Experimental investigation of the impact of macroalgal mats on intertidal sediment stability and flow dynamics in differing hydrodynamic conditions associated with tidal

Project acronym: HyIII-Hull-10
Name of Group Leader: Dr. José Figueiredo da Silva, Universidade de Avei
User-Project Title: Experimental investigation of the impact of macroalgal mats on intertidal sediment stability and flow dynamics in differing hydrodynamic conditions associated with tidal
Facility: Total Environment Simulator
Proceedings TA Project: Experimental investigation of the impact of macroalgae on intertidal sediment stability and flow dynamics
Data Management Report: There is no Data Management Report available for this project

User-Project Objectives

Summary:

The influence of macroalgal mats of Ulva intestinalis, growing attached to intertidal sediment, on sediment stability and hydrodynamic field was studied experimentally by investigating the flow structure induced by waves and currents and concomitant bedform dynamics. The experimental investigation was conducted at the open-channel flume at the TES (Total Environment Simulator) facility, University of Hull, UK, equipped with PIV, ADV and ABS probes. The flume was set up with a bed of fine sand, partially covered by strands of Ulva intestinalis attached to pebbles, collected from the intertidal area of Budle Bay, north-east England. This study aims to determine whether these algal mats increase flow resistance, promote bed stability and therefore reduce the risk of erosion leading to tidal flooding or to degradation of coastal lagoons. Direct observations and preliminary analysis of the data indicate that macroalgae play a crucial role in bio-stabilizing a sediment bed forced by current and waves. The presence of Ulva intestinalis tends to inhibit the overall mobility of sediments, thus reducing flow resistance associated with bedforms and the amount of sediment transported. The quantification of these effects through relationships involving relevant hydrodynamic, sedimentological and biological parameters has important practical implications in the management of coastal environments, and is the subject of ongoing research. The findings should therefore be of benefit to coastal engineers and managers who are faced with the problem of devising novel strategies to accommodate tidal inundation and to restore tidal environments.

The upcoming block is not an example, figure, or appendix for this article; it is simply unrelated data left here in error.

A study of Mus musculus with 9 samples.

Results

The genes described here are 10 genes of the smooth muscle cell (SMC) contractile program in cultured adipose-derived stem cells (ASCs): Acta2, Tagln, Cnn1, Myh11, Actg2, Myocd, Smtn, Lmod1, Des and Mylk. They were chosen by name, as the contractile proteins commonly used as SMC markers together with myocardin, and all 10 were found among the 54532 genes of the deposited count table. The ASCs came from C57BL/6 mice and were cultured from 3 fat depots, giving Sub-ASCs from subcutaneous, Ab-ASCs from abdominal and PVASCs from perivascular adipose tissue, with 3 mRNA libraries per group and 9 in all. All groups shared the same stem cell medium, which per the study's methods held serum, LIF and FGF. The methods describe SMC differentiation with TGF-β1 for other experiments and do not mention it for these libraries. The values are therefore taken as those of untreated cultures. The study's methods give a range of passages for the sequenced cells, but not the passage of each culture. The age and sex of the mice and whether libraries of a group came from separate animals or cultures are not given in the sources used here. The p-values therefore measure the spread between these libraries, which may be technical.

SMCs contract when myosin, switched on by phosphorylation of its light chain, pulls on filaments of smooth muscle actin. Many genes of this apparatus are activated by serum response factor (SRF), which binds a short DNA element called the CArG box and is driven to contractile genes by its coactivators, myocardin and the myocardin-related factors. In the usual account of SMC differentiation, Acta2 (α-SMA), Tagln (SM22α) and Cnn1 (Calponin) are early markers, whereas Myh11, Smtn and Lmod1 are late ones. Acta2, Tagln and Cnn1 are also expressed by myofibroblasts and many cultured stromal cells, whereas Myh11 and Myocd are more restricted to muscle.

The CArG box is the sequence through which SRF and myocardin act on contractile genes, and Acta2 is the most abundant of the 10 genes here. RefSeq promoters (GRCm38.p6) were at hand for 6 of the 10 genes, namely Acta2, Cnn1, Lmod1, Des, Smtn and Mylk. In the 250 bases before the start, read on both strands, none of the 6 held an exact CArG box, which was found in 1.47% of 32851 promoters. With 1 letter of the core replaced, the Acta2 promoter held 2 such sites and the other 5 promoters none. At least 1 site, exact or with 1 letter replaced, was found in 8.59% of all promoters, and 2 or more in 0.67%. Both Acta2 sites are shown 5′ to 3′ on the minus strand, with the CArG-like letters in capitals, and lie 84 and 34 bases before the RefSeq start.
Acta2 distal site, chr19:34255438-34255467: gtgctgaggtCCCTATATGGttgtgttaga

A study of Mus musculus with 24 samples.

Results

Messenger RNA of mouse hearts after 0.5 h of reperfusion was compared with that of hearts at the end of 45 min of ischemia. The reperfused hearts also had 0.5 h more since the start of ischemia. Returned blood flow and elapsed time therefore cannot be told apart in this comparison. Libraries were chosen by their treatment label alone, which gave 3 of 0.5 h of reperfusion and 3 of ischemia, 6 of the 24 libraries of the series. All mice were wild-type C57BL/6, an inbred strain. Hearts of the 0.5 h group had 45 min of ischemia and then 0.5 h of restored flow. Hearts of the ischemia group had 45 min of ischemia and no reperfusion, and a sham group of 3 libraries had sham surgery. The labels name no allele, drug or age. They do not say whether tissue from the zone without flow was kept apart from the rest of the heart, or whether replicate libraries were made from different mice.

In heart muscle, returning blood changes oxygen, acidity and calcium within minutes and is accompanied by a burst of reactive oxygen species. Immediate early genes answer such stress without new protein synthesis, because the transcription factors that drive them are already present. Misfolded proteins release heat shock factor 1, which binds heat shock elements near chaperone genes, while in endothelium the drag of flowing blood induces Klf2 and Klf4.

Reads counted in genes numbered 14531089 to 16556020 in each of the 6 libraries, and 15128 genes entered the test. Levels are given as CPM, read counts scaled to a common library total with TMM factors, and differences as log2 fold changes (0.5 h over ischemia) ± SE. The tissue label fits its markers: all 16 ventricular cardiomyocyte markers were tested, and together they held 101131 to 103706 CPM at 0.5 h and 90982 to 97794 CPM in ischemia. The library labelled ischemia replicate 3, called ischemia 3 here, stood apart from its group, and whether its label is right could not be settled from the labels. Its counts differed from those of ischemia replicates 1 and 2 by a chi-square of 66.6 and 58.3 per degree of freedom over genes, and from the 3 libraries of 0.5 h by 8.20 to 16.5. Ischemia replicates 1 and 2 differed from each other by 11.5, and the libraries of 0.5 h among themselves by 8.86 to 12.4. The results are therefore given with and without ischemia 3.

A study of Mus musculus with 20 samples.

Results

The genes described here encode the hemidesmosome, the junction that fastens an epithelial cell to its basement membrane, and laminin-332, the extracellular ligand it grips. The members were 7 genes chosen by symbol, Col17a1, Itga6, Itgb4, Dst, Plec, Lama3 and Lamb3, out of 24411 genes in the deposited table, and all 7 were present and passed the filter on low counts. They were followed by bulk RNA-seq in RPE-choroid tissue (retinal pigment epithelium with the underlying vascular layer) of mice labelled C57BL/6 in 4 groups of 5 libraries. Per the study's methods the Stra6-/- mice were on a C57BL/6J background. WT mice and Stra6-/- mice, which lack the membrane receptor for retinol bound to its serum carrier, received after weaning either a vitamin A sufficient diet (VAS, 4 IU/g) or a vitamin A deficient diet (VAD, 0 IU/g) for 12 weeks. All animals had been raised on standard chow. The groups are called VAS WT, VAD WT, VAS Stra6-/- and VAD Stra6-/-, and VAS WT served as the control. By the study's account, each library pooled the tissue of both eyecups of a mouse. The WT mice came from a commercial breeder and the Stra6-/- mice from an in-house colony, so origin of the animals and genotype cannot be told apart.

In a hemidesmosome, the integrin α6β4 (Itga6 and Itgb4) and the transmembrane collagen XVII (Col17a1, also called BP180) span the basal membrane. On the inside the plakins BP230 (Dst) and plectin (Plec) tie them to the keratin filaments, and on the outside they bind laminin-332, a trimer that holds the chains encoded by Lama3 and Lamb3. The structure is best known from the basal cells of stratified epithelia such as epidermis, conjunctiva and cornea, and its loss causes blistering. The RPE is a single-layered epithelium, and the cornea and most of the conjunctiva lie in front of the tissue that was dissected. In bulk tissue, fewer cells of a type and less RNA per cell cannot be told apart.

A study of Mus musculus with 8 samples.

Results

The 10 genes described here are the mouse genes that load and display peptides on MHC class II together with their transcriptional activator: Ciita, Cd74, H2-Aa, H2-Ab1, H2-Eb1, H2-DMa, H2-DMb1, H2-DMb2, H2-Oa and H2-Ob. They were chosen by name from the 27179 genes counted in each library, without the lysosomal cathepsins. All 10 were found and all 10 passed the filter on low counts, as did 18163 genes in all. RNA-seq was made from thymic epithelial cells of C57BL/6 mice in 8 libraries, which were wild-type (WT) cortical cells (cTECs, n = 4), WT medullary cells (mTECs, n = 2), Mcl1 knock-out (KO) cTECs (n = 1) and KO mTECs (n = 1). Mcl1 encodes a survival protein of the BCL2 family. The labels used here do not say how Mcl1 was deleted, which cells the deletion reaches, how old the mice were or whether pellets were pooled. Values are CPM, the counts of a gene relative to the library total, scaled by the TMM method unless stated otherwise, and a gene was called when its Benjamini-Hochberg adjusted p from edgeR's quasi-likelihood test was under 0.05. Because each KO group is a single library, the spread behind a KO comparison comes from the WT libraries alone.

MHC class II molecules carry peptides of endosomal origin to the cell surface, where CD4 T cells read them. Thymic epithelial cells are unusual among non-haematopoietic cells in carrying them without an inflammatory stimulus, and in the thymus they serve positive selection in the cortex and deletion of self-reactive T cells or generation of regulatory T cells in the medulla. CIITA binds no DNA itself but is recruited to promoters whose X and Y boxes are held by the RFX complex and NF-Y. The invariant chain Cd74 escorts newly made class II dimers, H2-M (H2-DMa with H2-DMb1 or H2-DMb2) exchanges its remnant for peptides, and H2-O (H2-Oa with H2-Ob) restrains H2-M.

Fig.1 Left – Working section of the flume channel showing in green areas covered with U. Intestinalis. Right – Velocity profiles resulting from ADV data corresponding to the middle of the channel; cross-channel component is represented by the filled contours.

Fig.2 (top) Left – ADV measurements in channel with macroalgae on bed.